My daughter is useless and annoying, a drain on my limited resources with no redeeming factor. She needs attention and food, but she can't use workbenches, she can't clear rubble, can't cook, can't guard, can't scavenge. She's a luxury I cannot afford. She's inefficient.
This is how This War of Mine makes you think. Characters are cogs in a machine that has no margin for error. This is base-building with no comfort. Your shelter may have advanced, weeks into your survival, but there will always be a resource required for consumables that you can't create, so you will have to scavenge, and it's dangerous out there. If - or when - people die, you won't mourn them out of love: you'll mourn your loss of efficiency.
The console release of This War of Mine, the acclaimed survival game from small Polish studio 11 bit, comes in tandem with expansion The Little Ones. It introduces children, and it's in caring for and worrying about them that the game reinforces its own humanity. It reminds you that these are people not cogs.
The father and daughter campaign I played (there are other campaigns with children, though none are available from the off-set) is bleak. You will have to leave her alone at night, unguarded, to go scavenging. Not only do you worry what could happen to her but also about how she's coping, how scared she must be. So you rush back and on the first night she's fine, albeit shaken, and wonders why you had to leave, asking that you never do it again. But you know you will have to, and that those other nights may not be so calm. It's a constant knife in the heart.
The relief that comes with someone at the door asking to join you one day is palpable. Not only does it mean one can guard while the other scavenges, it means there is another person for her to cling to, to talk to while the father sleeps. All of a sudden she's not so sad, and not crying in the corner on her own.
The child influences everything. I don't send the father on exploratory scavenging missions, despite him being able to carry more than the others, because if he dies then we have an orphan. She becomes the justification for stealing, the justification for putting another log on the fire. She is the rallying point of the shelter, a reason for the adults to keep going - a role children often take in times of hardship. She glues everyone together.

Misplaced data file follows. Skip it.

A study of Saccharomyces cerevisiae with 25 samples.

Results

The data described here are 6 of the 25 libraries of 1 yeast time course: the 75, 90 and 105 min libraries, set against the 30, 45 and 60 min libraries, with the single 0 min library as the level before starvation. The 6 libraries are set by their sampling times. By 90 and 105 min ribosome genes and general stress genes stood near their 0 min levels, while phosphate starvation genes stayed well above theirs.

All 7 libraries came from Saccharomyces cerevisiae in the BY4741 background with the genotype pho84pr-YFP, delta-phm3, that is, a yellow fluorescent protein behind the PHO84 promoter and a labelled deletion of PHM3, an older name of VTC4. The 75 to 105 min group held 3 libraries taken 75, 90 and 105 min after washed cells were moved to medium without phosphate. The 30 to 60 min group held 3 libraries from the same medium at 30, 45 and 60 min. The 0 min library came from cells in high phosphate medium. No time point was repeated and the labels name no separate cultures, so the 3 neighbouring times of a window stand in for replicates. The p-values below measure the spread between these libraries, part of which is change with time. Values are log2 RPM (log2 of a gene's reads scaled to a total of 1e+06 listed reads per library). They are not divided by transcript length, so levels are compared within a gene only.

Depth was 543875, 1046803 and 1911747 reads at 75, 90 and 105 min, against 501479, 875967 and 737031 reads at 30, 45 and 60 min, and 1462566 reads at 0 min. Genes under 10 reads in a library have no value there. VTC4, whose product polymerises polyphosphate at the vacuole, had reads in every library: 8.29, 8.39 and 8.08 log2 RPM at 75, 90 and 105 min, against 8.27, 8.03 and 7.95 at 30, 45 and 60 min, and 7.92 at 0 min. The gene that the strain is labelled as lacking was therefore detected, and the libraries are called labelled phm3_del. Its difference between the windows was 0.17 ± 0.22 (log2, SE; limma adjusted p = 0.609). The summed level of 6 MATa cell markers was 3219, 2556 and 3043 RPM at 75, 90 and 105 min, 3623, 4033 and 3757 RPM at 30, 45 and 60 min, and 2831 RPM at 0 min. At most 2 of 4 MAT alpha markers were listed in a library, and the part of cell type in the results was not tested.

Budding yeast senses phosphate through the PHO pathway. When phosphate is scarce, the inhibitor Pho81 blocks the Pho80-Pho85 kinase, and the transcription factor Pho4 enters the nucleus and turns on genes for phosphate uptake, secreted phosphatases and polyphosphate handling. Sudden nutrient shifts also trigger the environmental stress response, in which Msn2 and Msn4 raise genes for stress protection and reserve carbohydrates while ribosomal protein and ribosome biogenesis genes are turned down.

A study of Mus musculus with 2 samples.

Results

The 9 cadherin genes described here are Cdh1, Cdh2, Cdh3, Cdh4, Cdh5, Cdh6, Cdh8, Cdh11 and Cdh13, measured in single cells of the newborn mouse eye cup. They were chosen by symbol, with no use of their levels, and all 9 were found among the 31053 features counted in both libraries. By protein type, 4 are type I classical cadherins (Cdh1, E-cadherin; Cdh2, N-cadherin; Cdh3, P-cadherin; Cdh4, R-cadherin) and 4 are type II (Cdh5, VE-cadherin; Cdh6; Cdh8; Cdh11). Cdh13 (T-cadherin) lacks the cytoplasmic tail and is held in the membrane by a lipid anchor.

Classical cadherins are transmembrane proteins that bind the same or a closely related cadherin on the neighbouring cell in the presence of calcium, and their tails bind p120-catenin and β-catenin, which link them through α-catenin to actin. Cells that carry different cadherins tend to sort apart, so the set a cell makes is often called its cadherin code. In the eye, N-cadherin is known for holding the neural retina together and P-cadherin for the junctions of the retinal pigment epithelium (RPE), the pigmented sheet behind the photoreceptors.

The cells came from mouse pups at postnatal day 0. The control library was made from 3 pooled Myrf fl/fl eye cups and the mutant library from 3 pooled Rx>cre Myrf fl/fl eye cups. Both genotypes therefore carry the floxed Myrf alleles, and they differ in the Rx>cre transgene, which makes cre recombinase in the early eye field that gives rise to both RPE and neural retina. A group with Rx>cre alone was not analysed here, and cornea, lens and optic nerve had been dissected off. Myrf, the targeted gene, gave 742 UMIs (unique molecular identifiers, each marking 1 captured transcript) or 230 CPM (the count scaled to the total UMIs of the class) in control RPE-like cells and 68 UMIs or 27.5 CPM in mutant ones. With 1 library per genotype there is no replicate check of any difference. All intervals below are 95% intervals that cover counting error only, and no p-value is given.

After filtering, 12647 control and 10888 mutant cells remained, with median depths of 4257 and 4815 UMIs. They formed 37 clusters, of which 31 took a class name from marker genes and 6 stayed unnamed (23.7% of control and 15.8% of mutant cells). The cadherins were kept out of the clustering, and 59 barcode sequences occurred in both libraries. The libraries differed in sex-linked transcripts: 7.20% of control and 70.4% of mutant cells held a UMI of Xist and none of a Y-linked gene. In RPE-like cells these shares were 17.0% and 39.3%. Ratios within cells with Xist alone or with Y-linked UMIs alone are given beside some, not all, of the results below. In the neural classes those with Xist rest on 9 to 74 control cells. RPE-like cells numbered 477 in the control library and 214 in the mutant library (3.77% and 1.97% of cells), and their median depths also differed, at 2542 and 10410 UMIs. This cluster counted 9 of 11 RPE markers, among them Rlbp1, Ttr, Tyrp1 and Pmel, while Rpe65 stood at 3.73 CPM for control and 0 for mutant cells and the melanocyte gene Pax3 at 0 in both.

And soon she's not useless, even though she can't contribute like an adult. She can do things like put wood in a heater and take meat from traps, and she can learn from adults how to do even more. And even though she needs interaction, because she feels ignored and becomes sad if she doesn't, the process helps adults in return. She eats less than adults and she generally occupies herself with drawings on walls or by using toys built for her. In other words, children are implemented with leniency, and they bring to the game a sense of heart.
Otherwise This War of Mine is not drastically different to the one launched on PC over a year ago. Technically it converts dutifully to console, although thumbstick navigation occasionally gets fiddly and can be perilous in dangerous situations, so if you have a choice of platforms go for PC for a more fluid and natural experience.
This War of Mine remains a striking exploration of civilian wartime survival, a topic broached by news but seldom explored by entertainment. Yet there's still the sense it remains somewhat limited. There's a thrill in surviving and in upgrading your base, but a monotony soon sets in, and all the seasonal changes and contraptions you collect can't alleviate it. It needs another gear to go into, but it doesn't have one. Perhaps that's deliberate. Perhaps that's the message developer 11 bit wants to put out, that surviving a war is a wearisome, daily grind. Or perhaps it simply highlights how much a small developer, for whom this game was an establishing hit, could afford to do. With its tinny sounds and charming but basic presentation, I'm inclined to believe the latter.
Nevertheless, This War of Mine is a game I still recommend. Its blend of compelling base-building and gritty setting really needles deep - something I realised while scraping my real-life son's leftovers into a tupperware tub for the next day, because I didn't want to waste the resources. And then I turned the heating down. And then I looked around me and was embarrassed by, but grateful for, the luxury I live in. A healthy reminder. A game like This War of Mine doesn't come around often.